Scientists have identified a set of 15 genes that are associated with triple-negative breast cancer (TNBC), an aggressive form of the disease that does not respond to the drugs commonly used to treat other types of breast cancer.
TNBC accounts for a fifth of all breast cancer cases, and is more common in younger patients, African-American patients and patients with the BRCA1 gene mutation. Approximately 9,000 women are diagnosed with TNBC in Britain each year. Patients with TNBC have a poorer prognosis than women with other types of breast cancer, and have a higher rate of cancer recurrence.
TNBC tumours are known to contain many stem cell-like cells — rapidly-dividing and immature cells. They also lack the molecular receptors — oestrogen receptor (ER), progesterone receptor (PR) and human epidermal growth factor receptor 2 (HER2) that are the normal targets of many breast cancer drugs. These drugs are consequently ineffective in TNBC patients.
In the new study, researchers at the Dana-Farber Cancer Institute, affiliated to Harvard Medical School in the US, aimed to identify genes associated with TNBC that could be used as new targets for drug development. By analysing patterns of gene activity in 587 TNBC breast cancer tissue samples from publicly-available datasets, the researchers were able to categorize TNBC tumours into six distinct subtypes based on their unique gene activity profiles.
They identified a set of 15 genes that are required for cell growth in TNBC tumours. These genes are associated with a cell 'signalling pathway' known as Jak2/Stat3. In laboratory tests, TNBC tumour cells were treated with drugs known to block the Jak2/Stat3 signalling pathway, and the researchers found that the drugs suppressed cell growth. The drugs were also effective in suppressing the growth of TNBC tumours in mice.
The research team believes these findings will have immediate clinical implications for TNBC patients. 'The discovery of these targets will rapidly lead to clinical trials with the hope of achieving one of the first specific therapies for triple-negative breast cancers', said Dr Kornelia Polyak, from the Dana-Farber Institute.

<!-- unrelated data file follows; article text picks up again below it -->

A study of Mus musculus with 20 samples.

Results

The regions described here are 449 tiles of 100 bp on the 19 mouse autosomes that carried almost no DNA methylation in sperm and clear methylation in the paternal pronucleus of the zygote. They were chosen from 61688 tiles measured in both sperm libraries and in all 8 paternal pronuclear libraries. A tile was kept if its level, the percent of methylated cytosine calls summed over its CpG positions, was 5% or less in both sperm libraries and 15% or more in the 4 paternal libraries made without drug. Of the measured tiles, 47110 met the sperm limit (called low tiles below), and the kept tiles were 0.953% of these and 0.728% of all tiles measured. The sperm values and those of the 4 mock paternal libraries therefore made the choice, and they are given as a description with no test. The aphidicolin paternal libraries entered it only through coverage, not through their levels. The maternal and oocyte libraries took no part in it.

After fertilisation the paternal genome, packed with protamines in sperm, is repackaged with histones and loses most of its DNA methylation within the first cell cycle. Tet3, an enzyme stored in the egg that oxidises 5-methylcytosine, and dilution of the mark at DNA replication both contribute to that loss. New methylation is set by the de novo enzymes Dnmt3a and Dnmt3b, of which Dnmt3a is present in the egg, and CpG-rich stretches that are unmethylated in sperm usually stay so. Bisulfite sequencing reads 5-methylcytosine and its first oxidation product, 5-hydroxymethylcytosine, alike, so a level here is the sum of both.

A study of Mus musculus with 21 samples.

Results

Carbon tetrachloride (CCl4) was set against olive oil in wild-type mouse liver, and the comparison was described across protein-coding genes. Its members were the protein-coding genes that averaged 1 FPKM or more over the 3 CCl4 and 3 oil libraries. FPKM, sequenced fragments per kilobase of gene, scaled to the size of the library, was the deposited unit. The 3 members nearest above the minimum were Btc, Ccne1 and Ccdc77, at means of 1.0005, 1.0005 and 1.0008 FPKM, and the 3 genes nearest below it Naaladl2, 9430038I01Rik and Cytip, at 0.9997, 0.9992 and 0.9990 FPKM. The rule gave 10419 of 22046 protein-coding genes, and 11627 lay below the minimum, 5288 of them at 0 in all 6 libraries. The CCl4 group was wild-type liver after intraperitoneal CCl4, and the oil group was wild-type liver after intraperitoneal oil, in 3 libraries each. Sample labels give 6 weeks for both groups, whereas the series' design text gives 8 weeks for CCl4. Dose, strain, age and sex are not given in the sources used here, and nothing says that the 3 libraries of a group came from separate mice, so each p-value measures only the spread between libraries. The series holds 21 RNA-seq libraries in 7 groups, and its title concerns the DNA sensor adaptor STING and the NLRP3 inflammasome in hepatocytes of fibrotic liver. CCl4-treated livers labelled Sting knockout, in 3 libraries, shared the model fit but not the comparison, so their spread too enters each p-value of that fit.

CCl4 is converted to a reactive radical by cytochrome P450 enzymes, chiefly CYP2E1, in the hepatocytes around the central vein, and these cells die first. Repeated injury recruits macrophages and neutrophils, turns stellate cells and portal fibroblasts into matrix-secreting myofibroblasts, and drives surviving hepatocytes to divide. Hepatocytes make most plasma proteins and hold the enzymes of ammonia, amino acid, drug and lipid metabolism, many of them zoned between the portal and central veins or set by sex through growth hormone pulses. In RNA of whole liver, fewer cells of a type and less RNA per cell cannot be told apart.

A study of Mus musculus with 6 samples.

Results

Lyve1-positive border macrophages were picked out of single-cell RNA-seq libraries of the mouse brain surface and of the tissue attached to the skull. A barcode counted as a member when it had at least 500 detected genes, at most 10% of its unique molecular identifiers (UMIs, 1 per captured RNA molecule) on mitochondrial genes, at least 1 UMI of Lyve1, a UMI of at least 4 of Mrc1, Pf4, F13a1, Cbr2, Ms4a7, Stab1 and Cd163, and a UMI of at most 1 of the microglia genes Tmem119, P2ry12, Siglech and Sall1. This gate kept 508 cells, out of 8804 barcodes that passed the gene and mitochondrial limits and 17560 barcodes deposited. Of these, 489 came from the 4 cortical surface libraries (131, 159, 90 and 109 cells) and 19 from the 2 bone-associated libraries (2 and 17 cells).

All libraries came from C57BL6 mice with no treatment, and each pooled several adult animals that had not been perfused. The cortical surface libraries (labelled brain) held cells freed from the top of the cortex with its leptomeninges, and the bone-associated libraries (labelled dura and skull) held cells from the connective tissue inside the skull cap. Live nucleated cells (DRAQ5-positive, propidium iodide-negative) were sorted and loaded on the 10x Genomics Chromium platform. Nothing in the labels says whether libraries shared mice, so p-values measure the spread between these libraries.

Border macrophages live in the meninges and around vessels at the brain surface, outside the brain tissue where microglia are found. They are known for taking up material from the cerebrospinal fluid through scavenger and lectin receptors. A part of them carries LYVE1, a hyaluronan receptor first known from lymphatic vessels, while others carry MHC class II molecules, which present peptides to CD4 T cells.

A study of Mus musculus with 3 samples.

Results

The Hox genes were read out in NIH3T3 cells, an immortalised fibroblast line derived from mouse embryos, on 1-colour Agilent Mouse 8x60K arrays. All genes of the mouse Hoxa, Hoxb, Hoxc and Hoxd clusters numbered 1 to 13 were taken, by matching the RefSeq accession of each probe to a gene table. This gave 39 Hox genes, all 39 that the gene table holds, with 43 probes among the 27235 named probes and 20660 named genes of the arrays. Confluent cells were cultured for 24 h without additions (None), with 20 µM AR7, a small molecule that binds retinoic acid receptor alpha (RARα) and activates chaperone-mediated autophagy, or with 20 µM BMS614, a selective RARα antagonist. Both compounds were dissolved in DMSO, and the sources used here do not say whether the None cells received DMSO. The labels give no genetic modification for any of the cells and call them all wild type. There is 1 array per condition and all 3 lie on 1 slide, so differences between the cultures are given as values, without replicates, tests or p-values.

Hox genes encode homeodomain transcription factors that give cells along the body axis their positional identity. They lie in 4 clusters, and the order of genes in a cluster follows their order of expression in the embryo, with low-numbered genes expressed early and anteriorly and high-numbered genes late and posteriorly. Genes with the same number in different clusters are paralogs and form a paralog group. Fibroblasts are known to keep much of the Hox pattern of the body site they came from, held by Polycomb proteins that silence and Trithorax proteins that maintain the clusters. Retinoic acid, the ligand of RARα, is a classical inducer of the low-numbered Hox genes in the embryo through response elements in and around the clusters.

The Jak2/Stat3 signalling pathway is known to be involved in certain blood cancers. Two drugs that inhibit this signalling pathway are already in advanced clinical trials, with another three at earlier stages of drug development. The researchers are now beginning clinical trials for one of these drugs in TNBC patients, and estimate that up to 50-60 percent of TNBC patients have an 'abnormally activated' Jak2/Stat3 pathway that may be responsive to this drug treatment.
The researchers also hope to identify 'biomarkers' based on the gene activity profiles of the six TNBC subtypes that could be used to classify breast cancer tumours in patients, and indicate which targeted therapies are likely to be most effective for each person.
Dr Caitlin Palframan, policy manager at Breakthrough Breast Cancer, said: 'This research is very exciting as new treatments for triple-negative breast cancer are urgently needed. There are limited treatment options available for this group of patients so a targeted treatment would be a real breakthrough. However, this is early-stage research in mice and we look forward to seeing if this approach will prove effective in the upcoming clinical trials'.
The study was published in the Journal of Clinical Investigation.